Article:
I was born in April 1948 and I was circumcised on the eighth day of my life. My mother tongue is Hebrew, even as my mother’s native language was “foreign.” During my schooling, even though we were secular, I participated, like everyone else, a few hundred times in national ceremonies, which were kind of religious. I took the ceremonies seriously, like most of my people. I also had an aliyah, to read from the Torah, for my bar mitzvah, like most of my people. I studied the Bible for 11 consecutive years. I studied Hebrew literature, which no Jew in the world really learns and understands.
We do not need the state to be recognized as being Jewish. This does not mean I am announcing my support for the Palestinian position in the dispute. No. I am also not asking from you “to be flexible, in order to free us from the corrupting occupation,” and so forth. I am asking you, if it is not too difficult, not to recognize the “state of the Jewish people,” even if U.S. President Barack Obama asks you to. Even for our own good. In short, don’t help hand our sovereignty over to the hands of a virtual global entity, which will have claims to the land and whose representatives are immune from the rule of the majority - a sort of undercover and automatic reinforcement for the power.
Don’t lend your hand to the nationalists - those who wear kippot, or those who eat pork - in destroying even further the fabric called Israeli democracy, using “Jewish identity,” which no one has a clue what that is. Even the love for the land has been translated for us into a military-religious-national phrase. I really love it, outside of this discourse. And in the name of love, I am writing you: This recognition is unnecessary.
I had, and I still have, a lot of friends, Jews and non-Jews, and among the Jews there were, and still are, religious, Haredi, Mizrahim who eat legumes on Passover, Ashkenazim who do not eat legumes on Passover, Mizrahim who eat hametz on Passover, and Ashkenazim who only eat kosher on Passover, and so forth. I had, and still have, Arab friends - Muslims, Druze, Christians. And among the Christians I had, and still have, friends who are Orthodox, Catholics, one Copt, and communists. I would like for our sons to know this mosaic, not just as soccer fans who get excited over Arab stars such as Salim Toame, Ahmed Abed, Maharan Radi, or Muanas Dabur.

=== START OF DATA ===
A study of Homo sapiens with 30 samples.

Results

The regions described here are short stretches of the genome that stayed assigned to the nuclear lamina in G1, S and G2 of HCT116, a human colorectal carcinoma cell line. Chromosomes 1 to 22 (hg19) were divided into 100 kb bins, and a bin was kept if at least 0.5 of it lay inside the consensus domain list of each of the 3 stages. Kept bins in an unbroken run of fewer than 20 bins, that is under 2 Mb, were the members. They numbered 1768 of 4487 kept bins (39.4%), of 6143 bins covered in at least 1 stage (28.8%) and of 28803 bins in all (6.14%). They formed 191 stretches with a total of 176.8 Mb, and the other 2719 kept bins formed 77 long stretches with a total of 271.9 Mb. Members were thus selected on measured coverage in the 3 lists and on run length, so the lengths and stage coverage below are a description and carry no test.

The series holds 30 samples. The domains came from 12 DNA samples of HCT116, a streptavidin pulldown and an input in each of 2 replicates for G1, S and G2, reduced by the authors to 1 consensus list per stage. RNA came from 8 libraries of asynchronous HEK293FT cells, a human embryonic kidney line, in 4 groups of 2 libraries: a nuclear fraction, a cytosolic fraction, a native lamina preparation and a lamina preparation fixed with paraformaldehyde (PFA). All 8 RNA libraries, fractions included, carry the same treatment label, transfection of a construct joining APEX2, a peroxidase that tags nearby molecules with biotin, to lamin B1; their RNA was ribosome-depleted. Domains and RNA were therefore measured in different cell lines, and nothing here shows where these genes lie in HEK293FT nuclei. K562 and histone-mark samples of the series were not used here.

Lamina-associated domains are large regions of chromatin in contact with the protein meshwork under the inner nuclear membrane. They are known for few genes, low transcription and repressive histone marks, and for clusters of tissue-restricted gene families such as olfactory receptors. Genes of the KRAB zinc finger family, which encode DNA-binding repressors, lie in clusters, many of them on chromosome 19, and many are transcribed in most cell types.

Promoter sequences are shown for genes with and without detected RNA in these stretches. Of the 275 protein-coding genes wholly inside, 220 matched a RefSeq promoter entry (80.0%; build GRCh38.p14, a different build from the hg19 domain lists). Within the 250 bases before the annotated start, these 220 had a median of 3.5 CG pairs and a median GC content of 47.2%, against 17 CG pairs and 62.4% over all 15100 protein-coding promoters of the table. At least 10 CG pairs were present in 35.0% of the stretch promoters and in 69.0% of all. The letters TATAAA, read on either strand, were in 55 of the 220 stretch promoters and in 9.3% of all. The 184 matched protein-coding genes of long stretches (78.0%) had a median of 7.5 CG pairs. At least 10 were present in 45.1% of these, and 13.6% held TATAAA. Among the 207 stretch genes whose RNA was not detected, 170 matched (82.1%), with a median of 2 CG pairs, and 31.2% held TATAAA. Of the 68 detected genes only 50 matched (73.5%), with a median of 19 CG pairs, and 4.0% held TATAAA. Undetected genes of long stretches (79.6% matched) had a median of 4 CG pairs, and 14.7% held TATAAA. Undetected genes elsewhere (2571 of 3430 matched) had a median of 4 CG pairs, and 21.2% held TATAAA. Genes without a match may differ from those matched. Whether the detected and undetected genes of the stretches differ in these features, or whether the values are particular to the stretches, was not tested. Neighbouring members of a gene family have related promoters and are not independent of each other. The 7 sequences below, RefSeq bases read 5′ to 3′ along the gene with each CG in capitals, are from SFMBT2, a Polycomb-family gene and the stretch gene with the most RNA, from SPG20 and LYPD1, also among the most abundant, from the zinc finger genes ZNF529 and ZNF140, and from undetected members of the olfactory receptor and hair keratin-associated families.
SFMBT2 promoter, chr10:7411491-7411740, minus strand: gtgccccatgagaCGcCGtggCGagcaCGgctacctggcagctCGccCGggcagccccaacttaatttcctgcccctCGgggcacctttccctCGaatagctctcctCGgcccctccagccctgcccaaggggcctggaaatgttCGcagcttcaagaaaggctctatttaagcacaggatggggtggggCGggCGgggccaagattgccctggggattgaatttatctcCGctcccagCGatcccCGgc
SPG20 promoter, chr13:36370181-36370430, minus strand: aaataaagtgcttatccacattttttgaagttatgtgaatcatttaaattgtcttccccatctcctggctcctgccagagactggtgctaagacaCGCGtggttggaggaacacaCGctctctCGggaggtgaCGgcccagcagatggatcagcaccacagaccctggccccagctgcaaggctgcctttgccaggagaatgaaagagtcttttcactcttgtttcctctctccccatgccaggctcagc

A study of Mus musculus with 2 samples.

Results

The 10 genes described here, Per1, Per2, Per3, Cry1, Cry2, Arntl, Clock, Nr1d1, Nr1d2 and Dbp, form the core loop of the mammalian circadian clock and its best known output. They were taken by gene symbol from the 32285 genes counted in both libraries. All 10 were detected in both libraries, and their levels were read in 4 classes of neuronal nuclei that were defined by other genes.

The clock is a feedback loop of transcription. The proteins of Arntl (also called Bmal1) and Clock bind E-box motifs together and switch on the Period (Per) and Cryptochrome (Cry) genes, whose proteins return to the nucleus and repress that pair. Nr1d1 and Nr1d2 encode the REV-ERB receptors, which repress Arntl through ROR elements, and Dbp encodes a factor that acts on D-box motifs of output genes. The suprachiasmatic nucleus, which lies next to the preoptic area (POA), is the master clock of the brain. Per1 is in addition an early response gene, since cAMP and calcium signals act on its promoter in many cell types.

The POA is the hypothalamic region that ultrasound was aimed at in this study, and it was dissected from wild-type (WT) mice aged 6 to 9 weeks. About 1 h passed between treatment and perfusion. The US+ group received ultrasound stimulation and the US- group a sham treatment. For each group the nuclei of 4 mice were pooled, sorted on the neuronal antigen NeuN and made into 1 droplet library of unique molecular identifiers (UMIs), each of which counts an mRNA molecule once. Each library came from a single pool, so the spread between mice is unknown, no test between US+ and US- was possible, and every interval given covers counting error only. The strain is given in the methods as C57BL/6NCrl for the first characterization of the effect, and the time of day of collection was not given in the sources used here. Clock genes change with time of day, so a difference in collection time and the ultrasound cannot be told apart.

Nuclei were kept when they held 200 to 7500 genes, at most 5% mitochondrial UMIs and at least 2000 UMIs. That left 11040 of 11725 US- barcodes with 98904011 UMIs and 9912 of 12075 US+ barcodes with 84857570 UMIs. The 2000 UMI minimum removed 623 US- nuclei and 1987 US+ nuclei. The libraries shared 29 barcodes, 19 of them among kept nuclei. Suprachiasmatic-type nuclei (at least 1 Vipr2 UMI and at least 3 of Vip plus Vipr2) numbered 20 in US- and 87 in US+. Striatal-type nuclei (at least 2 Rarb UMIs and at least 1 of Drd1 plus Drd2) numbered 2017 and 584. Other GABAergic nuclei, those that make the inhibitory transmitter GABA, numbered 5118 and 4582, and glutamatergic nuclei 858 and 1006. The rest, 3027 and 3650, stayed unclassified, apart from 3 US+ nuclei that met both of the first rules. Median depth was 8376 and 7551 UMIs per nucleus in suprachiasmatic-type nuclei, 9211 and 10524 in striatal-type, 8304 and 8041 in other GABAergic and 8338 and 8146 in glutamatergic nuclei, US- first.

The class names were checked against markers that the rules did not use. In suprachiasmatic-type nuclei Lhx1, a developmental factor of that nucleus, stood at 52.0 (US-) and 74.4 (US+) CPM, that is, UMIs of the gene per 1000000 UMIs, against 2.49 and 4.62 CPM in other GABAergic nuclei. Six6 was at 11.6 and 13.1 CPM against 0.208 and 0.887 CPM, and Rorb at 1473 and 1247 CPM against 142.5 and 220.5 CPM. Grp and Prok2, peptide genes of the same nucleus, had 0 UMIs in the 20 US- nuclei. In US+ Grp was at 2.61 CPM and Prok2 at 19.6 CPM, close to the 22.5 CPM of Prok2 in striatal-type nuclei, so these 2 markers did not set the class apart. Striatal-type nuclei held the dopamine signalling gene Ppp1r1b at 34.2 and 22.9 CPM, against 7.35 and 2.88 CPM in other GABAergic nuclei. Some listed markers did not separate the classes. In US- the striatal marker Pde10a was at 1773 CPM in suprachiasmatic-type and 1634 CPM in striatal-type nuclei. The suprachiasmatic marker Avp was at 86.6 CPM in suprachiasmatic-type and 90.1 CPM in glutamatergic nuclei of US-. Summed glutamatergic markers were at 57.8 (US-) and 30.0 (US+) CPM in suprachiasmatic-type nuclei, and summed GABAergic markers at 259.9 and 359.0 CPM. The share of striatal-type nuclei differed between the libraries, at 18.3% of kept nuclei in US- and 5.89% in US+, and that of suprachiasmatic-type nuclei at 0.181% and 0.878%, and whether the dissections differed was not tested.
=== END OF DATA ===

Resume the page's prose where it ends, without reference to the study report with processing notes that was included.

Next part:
For now, the stars only entertain us, and disappear at the end of their careers. The mosaic from which they come is not only soaked in poverty, but is not present in our lives, because the “Jewish identity” of the state. And that is only one example of the boring national blindness.
It is not good for our lives which do not exist except within this ancient myth and false Western fantasy. The Jewish identity has turned us into narrow-minded idiots, lacking a concrete interest in our land, which has nature, birds, flowers, little water, a lot of desert, and people who want to be happy, as people.
It is clear that the demand for recognition of a Jewish state is just an excuse to perpetuate the occupation. Beyond this demand, anyway, there is no horizon to our great dismay. Therefore don’t give in - not on the two-state solution, and not on your refusal to recognize the “state of the Jewish people.” It is enough to recognize the State of Israel. No more.
True, we must free ourselves from the racism of the state, from the discrimination embodied in the present definitions. We need to free ourselves from racism, which abandons, for example, Arab high-tech workers in Yokne’am to the attacks of hooligans, who slash tires and cars - and no one does anything to protect them. We must free ourselves from the obsessive need to define ourselves as a single entity, which has only one past, rather than many, as if this entity has only one origin, rather than many, and as if it has only one language, rather than many.
Don’t give them this rubber stamp. Please.